Monday, 1 February 2010

Guest post by Michelle O'Sullivan: Minimum wage regulation

Michelle O'Sullivan: Last week the Tánaiste, Mary Coughlan, announced that legislation will be introduced allowing employers to claim an inability to pay the rates set by Joint Labour Committees (JLCs).

JLCs are statutory bodies which set legally binding minimum pay and conditions of employment in low paid employments where collective bargaining is poorly developed. The JLCs owe their origin to the Trades Boards, which were introduced in 1909 by the British Parliament for Ireland and Great Britain in an attempt to eradicate ‘sweated’ working conditions. At the time Winston Churchill declared the necessity for such machinery because the laws of supply and demand could not eliminate sweating or prevent the undercutting of wages.

JLCs have remained in existence since 1909 and today mostly cover services sector employments like cleaning, catering, hotels, security and hairdressing. In addition to setting minimum pay rates, often above the National Minimum Wage, JLCs also set minimum conditions some of which employees would not get through other employment legislation like sick pay.

Mary Coughlan’s announcement comes following constitutional challenges against JLCs by two sets of employers: first the Irish Hotels Federation (IHF), then a fast food employers body, the Quick Service Food Alliance. The hotels case was settled out of court, perhaps unsurprisingly as the IHF is an employer representative on the JLCs. Before a decision could be reached on the fast food employers’ case, the Tánaiste introduced an Industrial Relations (Amendment) Bill 2009, which would make JLCs constitutional. Employers had argued that the Labour Court’s power to confirm JLC proposals was unconstitutional because it was making law without legislative or parliamentary control.

While the Bill would rectify this anomaly, the Tánaiste is now going to allow sub-JLC rates be paid through an inability to pay clause. On Today FM’s Sunday Supplement show of 24th January, Minister Mary Hanafin insisted that under the inability to pay clause, employers and employees within organizations would have to agree on lower rates of pay but she could not say by how much lower. The likelihood though that low paid, non-unionised and migrant employees would refuse an employer's request for lower pay rates is highly unlikely. An inability to pay clause for JLC rates had been proposed before by the Commission of Inquiry on Industrial Relations in 1981. The Department of Labour was very critical of the inability to pay proposition, saying “any proposal which would allow for a ‘fall-back’ position weakens the principle in such a serious way as to make a nonsense of the entire concept”.

The implications of the proposed inability to pay clause may depend on the take-up. A similar clause exists for the National Minimum Wage but has not been used.
Dr. Michelle O'Sullivan lectures in Industrial Relations at the University of Limerick


Michael Taft said...

Michelle - thanks for that excellent summary of the JLC issues. Two things are worth noting: first, there is no impact assessment on the fiscal deficit arising from allowing opt-outs. Lower wages will result in lower tax revenue (income tax, income levies, employers' and employees PRSI, etc.). That such a move would have deleterious effect on public finances has gained little attention in the debate.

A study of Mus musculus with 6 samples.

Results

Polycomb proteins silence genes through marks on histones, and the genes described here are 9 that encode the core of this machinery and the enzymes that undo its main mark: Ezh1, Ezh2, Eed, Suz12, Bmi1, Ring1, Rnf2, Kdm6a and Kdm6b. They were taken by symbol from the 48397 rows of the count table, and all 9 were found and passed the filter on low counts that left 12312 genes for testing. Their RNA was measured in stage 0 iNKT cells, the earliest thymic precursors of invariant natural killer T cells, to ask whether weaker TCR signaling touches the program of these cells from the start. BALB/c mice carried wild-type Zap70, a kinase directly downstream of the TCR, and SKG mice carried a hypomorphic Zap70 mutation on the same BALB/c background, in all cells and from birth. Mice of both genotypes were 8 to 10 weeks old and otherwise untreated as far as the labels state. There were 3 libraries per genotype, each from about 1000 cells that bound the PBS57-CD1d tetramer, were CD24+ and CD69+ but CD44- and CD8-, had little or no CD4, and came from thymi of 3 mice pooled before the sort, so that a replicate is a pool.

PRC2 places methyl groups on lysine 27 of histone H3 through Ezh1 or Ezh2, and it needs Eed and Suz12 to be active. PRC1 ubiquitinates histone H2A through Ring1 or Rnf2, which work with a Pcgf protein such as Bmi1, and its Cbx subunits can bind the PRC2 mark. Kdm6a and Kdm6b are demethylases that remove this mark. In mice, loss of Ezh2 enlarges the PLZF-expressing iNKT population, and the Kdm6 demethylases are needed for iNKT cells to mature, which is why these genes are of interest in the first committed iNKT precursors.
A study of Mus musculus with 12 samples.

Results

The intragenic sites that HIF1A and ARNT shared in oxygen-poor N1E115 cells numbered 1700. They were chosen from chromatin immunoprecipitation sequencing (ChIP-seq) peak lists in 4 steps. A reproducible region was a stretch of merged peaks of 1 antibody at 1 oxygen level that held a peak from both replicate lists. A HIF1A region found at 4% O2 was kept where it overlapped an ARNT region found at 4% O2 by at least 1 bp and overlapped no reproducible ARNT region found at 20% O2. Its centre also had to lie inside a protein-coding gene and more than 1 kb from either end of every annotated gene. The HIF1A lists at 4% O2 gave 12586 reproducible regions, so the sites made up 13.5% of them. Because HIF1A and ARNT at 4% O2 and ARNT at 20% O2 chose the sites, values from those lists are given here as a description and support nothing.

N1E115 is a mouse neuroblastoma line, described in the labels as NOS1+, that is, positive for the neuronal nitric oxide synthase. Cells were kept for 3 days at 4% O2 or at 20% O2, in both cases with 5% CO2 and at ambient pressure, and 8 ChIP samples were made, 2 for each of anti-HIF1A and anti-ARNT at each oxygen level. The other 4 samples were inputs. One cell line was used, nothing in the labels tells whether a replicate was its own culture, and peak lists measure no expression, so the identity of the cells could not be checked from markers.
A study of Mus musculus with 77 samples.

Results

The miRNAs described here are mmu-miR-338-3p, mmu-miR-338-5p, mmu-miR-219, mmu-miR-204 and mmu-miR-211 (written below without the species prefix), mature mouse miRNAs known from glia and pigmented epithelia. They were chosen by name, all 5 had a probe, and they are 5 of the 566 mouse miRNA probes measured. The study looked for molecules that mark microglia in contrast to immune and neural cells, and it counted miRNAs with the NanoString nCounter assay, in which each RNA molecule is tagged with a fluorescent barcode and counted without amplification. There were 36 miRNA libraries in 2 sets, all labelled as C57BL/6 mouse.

Second, reduced wages will reduce demand. Ironically, this will hit the very enterprises that are clamouring for opt-out clauses. Less sales and turnover will create more demands for opt-outs and wage cuts, which will in turn impact ever further on public finances and demand - and down and down we go.

Calls for opt-outs veil the fundamental problems, especially as our labour costs - even at low levels - are less than our EU peer group. These problems are lack of demand (exascerbated by Government deflationary policies), commercial rent levels which appear to operate on a different plane to the economy, and lack of access to credit. To ignore these and focus on wage cuts is to ignore the herd of elephants in the room.

One question: given the growing clamour for cuts in low wages, why do you think, Michelle, that employers have not availed of the minimum wage opt-out? Is it that relativey few enterprises pay wages this low? Is there something within the operation of the opt-out that makes it difficult to avail of? Or could it possibly be that calls for cuts in low pay are intended to have a macro-political effect, whatever about the micro effect?

Michelle O'Sullivan said...

Michael, without data on it, I think there are a couple of possible reasons for the non-take-up. 1. for many years there was no need during the boom. Employers paid above NMW rates. 2. up until 2008, enforcement of minimum wage rates by labour inspectors was very poor so employers who paid sub-min rates had a better chance of doing so. 3. the exemption under the NMW Act requires an employer to apply to the Labour Court with a hearing etc. - an arena perhaps familar to unionised employers but how realistic a small shop owner will go through that? hard to tell also if many employers were aware of exemption clause 4. perhaps employers laid off people/reduced hours rather than go through Labour Court process.